The Demjanjuk Farce: Germany Prepares a Show Trial

In 1968, the Bundestag got in on the act, including an inconspicuous paragraph in an inconspicuous law that amounted, in effect, to a general amnesty for all mere "accessories" to Nazi crimes. (For the details, see my earlier article on the Demjanjuk case here.) Only suspects whose special culpability was established by "particular personal characteristics" were to be excluded from the dispositions in question. Even supposing that it is legitimate for Germany to claim jurisdiction in his case, it is completely obvious that Demjanjuk -- the "smallest of the small fishes" -- should benefit from these dispositions. That German prosecutors are preparing charges against him anyway is perhaps the clearest indication that the purpose of the proceedings is not justice, but to put on a show trial for foreign consumption. The temptation to exploit Demjanjuk's accidental notoriety in order to create a myth of German vigilance appears to have been too powerful to resist.

Moreover, even larger fishes in the Nazi order, including such as bore direct responsibility in implementing the Nazis' genocidal "Jewish policy," have avoided prosecution. (On the example of Hans Gmelin, see my earlier discussion here. Gmelin was the father of Herta Däubler-Gmelin, the former German minister of justice who famously compared George Bush to Adolf Hitler.) The 1968 "backdoor amnesty" in fact specifically benefited the bureaucratic planners of the Holocaust in the so-called Reich Main Security Office (RSHA). Other larger fishes were brought to trial, but got off with mindbogglingly light sentences or were acquitted. The SS officer Joseph Oberhauser, for example, was in charge of all the foreign "volunteer helpers" at Treblinka, Sobibor, and Belzec. In 1965, the Munich District Court found him guilty of complicity in the murder of some 300,000 persons. His sentence? Four years and six months in prison. As the German legal historian Ingo Müller has observed, this works out to a total of 7.8 minutes for each of his victims. All eight of Oberhauser's codefendants -- every one of them an SS officer -- were acquitted.

According to an article on the English site of the German magazine Der Spiegel, German authorities already have their "sights" on four other suspected "Nazi war criminals" who immigrated to the United States. Three of them are former foreign "volunteers" and the other is an Austrian who has already been deported to his country of origin. Der Spiegel notes that it has been "difficult" to prosecute the foreign auxiliaries to Nazi crimes. But German authorities really do not have to look so far afield or go to so much trouble if they want to prosecute Nazi war criminals. Although their number, of course, diminishes from year to year, many homegrown and authentic Nazi war criminals are living in Germany. Both their crimes and their places of residence are known. Below is a list of seven Nazi war criminals, for example, that German prosecutors can indict right away. Their places of residence are given in parentheses.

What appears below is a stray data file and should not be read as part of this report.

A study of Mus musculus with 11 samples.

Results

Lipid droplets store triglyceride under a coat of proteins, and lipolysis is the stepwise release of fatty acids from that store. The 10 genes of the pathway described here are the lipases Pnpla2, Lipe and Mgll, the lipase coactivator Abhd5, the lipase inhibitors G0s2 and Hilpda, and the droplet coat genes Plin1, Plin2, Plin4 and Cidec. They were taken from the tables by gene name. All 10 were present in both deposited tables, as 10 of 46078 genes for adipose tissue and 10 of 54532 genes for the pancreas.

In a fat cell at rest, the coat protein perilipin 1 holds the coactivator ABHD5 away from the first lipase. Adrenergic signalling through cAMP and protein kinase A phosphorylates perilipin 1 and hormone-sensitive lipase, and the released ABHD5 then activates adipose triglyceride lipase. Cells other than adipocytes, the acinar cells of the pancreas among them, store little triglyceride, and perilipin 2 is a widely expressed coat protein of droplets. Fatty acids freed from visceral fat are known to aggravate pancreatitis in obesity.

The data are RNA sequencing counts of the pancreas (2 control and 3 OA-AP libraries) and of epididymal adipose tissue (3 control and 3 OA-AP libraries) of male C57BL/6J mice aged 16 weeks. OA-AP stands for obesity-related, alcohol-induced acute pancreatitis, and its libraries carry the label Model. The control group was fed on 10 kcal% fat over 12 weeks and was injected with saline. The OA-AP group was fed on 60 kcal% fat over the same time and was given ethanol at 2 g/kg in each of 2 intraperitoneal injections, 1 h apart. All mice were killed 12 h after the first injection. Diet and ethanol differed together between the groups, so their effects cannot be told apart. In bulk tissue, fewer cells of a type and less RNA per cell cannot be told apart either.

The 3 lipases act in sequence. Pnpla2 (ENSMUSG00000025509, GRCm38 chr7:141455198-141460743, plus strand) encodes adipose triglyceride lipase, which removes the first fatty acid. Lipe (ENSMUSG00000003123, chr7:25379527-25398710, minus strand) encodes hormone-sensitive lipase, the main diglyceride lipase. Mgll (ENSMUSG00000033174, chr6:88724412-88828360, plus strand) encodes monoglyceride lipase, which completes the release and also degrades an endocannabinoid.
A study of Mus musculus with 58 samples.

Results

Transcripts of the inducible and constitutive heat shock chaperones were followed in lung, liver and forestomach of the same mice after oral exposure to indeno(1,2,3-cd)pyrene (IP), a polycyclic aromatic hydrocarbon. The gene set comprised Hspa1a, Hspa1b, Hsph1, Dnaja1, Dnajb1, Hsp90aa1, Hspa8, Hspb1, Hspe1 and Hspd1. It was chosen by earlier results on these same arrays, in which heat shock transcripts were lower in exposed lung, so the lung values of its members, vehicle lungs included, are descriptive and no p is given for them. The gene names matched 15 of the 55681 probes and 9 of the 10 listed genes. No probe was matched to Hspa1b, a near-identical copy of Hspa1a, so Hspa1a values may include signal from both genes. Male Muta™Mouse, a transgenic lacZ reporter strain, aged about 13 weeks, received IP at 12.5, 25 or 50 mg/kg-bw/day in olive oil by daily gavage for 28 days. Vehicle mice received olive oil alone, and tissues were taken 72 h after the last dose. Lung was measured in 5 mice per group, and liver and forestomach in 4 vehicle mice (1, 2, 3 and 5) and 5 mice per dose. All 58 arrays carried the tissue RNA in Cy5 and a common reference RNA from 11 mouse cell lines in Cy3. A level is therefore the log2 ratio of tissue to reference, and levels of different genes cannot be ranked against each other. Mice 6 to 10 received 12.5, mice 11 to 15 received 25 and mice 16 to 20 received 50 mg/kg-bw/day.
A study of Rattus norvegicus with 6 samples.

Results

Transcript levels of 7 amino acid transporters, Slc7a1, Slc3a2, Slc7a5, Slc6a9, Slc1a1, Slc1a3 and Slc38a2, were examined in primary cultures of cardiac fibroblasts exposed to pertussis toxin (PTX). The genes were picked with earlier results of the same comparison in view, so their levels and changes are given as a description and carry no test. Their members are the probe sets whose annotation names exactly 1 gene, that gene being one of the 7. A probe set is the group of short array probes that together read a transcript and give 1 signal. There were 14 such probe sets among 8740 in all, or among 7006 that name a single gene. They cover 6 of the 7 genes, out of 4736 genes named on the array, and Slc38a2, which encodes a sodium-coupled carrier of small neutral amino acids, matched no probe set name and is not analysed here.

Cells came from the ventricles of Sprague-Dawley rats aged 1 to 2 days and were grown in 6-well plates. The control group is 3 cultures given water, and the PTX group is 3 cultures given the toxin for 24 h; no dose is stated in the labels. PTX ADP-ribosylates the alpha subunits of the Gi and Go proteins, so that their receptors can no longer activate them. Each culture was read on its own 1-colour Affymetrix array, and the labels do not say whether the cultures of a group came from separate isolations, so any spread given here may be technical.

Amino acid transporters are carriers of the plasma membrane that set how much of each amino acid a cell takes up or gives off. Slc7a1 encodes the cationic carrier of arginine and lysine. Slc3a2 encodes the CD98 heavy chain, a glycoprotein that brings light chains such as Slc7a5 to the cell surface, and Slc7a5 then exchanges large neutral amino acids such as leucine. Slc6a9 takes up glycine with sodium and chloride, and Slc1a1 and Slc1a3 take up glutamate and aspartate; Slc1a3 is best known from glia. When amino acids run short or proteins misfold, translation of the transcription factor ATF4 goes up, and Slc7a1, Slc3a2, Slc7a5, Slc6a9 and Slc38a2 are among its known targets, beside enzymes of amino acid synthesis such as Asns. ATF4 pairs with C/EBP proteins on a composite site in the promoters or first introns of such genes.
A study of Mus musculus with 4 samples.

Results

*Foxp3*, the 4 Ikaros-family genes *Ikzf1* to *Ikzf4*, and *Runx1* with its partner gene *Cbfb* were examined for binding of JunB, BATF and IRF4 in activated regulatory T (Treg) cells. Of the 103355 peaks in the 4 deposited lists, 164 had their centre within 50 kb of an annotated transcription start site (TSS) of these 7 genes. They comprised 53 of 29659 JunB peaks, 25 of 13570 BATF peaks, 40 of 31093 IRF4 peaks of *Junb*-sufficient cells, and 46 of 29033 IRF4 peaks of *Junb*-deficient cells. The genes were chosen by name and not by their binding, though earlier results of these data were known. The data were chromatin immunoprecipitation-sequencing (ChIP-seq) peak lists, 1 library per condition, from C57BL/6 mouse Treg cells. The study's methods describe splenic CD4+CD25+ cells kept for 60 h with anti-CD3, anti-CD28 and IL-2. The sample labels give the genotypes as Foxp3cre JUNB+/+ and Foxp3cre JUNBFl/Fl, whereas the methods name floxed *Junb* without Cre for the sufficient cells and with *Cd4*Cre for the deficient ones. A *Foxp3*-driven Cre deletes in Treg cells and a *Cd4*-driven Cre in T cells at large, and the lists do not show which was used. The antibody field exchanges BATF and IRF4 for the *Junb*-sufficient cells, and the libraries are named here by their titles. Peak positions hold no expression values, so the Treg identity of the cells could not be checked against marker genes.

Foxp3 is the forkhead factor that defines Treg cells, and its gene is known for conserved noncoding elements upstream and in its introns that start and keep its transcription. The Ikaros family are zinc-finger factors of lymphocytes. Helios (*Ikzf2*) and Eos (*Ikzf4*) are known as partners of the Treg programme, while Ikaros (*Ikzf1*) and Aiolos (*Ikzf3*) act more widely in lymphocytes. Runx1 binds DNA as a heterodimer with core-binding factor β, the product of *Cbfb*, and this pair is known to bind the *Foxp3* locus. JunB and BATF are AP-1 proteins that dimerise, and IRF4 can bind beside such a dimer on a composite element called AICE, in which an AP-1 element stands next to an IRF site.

Karl Gropler (Wollin)

Georg Rauch (Rümmingen)

Gerhard Sommer (Hamburg)

Alfred Mathias Concina (Freiberg)

Werner Bruss (Reinbek bei Hamburg)

Heinrich Schendel (Ortenberg)

Ludwig Göring (Karlsbad)

The seven men were members of the Waffen SS "Reichsführer" division that slaughtered some 560 Italian civilians in the infamous massacre of Sant'Anna di Stazzema in August 1944. Some 80% of the victims were women, children, and elderly persons. In June 2005, an Italian court found the seven men guilty of murder for their roles in the massacre. They have never faced punishment, however, because Germany refuses to extradite them. Three convicted co-defendants are reported to have died in the meanwhile. Germany likewise refuses to extradite many other convicted participants in SS massacres on foreign soil. Like countless Nazi war criminals before them, Gropler, Rauch, Sommer, Concina, Bruss, Schendel, and Göring are living out their lives in comfortable retirement in Germany.